On 23 and 24 October 2014, EU’s Heads of State will determine Europe’s future action to avoid dangerous global temperature rise. It is expected that they will propose to reduce Europe’s domestic greenhouse gas emissions by merely 40% below 1990 levels by 2030. While this target is not nearly enough to combat climate change, some governments and companies are trying to water this target down even further by actively pushing to carry-over the hot air from the current climate framework. The failure to set an adequate 2030 climate target that is not riddled with loopholes could be disastrous for the transformational change that Europe needs for the decarbonisation of our energy system and industries.
The loopholes in our current climate policies will lead to 4 billion tonnes of hot air that is currently putting a dark shadow over EU’s 2030 climate target because it could be directly transformed into future rights to pollute. Without immediate and urgent action, this hot air bubble would effectively cause that the actual emissions reductions under a 40% target may be as low as 26%.
The 4 billion future rights to pollute are distributed between the two policy instruments: the EU’s Emissions Trading System (EU ETS) and the Effort Sharing Decision (ESD). While the 2.6 billion tonnes of hot air under the EU ETS is automatically carried-over in the 2030 framework, what is done to the 1.35 billion tonnes of hot air under the ESD is in the hands of our governments now.
The Visegrad countries (Poland, Hungary, the Czech Republic, Slovakia, and Bulgaria and Romania) have already stated their wish to carry-over the hot air into the 2030 climate framework. Some other progressive countries that will be faced with relatively high 2030 climate targets are looking into the subject as well. These countries wish to bank the 1.35 billion surplus, equal to 5% phantom rights to pollute, which would then directly undermine the proposed 40% target.
At the same time, Heads of State are expecting the climate target to do the heavy lifting within the 2030 climate and energy framework, whereas under the 2020 framework, the renewables and energy efficiency targets weighted in as well. Putting all your eggs in one basket is a risky strategy, especially when that basket is full of loopholes, as could be the case with EU’s 2030 climate target. A target that leads to only 26% emission reductions by 2030 would do little to promote efficiency or renewables. Worryingly, governments are also unlikely to agree on nationally binding renewable and energy efficiency targets for the year 2030.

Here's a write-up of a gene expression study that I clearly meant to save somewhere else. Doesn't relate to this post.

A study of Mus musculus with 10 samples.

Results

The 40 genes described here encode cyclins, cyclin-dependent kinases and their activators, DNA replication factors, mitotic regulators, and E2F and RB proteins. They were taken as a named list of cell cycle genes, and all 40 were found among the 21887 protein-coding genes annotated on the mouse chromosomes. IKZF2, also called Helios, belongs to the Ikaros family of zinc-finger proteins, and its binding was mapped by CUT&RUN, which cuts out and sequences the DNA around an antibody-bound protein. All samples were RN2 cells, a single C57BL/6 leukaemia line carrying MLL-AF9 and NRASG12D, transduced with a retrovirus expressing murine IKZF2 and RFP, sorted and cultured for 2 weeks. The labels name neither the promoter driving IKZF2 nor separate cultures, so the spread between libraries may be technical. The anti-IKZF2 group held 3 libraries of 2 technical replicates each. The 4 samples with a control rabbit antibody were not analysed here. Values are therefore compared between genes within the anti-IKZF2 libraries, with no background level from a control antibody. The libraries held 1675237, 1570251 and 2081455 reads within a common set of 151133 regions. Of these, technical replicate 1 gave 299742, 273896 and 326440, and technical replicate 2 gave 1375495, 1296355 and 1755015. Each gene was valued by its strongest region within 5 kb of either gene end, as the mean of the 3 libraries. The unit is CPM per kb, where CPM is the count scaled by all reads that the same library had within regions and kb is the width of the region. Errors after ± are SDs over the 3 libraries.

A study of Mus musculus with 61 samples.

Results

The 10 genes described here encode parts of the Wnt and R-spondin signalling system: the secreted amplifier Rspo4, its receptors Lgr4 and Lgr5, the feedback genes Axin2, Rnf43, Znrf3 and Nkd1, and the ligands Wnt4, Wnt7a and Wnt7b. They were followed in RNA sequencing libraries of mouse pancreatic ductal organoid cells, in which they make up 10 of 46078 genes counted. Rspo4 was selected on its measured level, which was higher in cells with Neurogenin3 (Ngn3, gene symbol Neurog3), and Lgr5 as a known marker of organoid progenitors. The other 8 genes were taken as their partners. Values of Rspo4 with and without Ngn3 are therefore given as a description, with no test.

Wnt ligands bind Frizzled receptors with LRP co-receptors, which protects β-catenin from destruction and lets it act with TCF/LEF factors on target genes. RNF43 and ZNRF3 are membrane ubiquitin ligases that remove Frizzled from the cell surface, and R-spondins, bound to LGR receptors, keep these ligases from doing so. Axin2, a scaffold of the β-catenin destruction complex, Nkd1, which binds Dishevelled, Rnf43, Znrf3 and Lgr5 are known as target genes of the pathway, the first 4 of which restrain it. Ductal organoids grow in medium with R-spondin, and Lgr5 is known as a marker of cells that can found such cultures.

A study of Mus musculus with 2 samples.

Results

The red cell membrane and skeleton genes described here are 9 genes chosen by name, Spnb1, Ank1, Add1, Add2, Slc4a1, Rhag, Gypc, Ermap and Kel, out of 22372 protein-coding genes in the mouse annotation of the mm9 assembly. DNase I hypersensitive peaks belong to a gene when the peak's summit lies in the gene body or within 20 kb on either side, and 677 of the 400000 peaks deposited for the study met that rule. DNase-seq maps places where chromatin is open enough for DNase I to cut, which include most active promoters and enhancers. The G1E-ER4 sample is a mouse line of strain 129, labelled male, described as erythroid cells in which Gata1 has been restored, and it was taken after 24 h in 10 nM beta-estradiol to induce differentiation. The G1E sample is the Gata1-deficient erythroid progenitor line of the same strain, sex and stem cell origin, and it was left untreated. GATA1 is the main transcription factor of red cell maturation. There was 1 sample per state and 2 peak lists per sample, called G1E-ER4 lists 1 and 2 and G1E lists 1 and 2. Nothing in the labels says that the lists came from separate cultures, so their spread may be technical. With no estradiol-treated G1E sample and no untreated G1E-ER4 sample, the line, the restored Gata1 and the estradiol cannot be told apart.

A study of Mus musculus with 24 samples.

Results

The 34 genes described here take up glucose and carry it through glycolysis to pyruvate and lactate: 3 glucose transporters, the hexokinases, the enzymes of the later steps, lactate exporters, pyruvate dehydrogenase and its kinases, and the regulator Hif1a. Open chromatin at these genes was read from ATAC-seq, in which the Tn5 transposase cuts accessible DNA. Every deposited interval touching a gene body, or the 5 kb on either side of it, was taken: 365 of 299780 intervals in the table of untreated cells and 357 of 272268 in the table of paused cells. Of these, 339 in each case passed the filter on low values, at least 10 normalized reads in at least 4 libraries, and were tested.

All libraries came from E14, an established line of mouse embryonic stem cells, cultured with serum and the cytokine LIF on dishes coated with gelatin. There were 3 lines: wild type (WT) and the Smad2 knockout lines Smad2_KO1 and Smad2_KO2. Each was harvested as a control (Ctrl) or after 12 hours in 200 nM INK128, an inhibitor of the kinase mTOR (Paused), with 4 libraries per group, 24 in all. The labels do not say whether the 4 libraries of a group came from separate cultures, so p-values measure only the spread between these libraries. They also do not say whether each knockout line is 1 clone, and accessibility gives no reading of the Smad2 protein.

This incoherent approach to EU’s future climate and energy policies could turn out to be disastrous for the development of innovative renewable technologies and the uptake of efficiency measures. The emissions reductions that were achieved in Europe so far, have been mostly the result of nationally binding renewables targets spurring successful financing schemes and effective EU regulations that increase the energy efficiency of our appliances, machinery and buildings. In other words: the EU’s weak climate targets or faltering carbon market had little to do with actually driving climate action. Thinking that an unambitious and ineffective 2030 climate target will do the job by itself post-2020 is therefore both naive and dangerous.
It is now up to Europe’s Heads of State to decide how our climate and energy future will look like. Continuing with the successful approach of nationally binding renewable targets and binding energy efficiency policies seems like a no-brainer. But if governments want to let the climate target steal the 2030 show, it should be clear that they will not allow any carry-over of hot air into the 2030 framework while settling on a domestic target that reaches well beyond the 40% greenhouse gas emission reductions.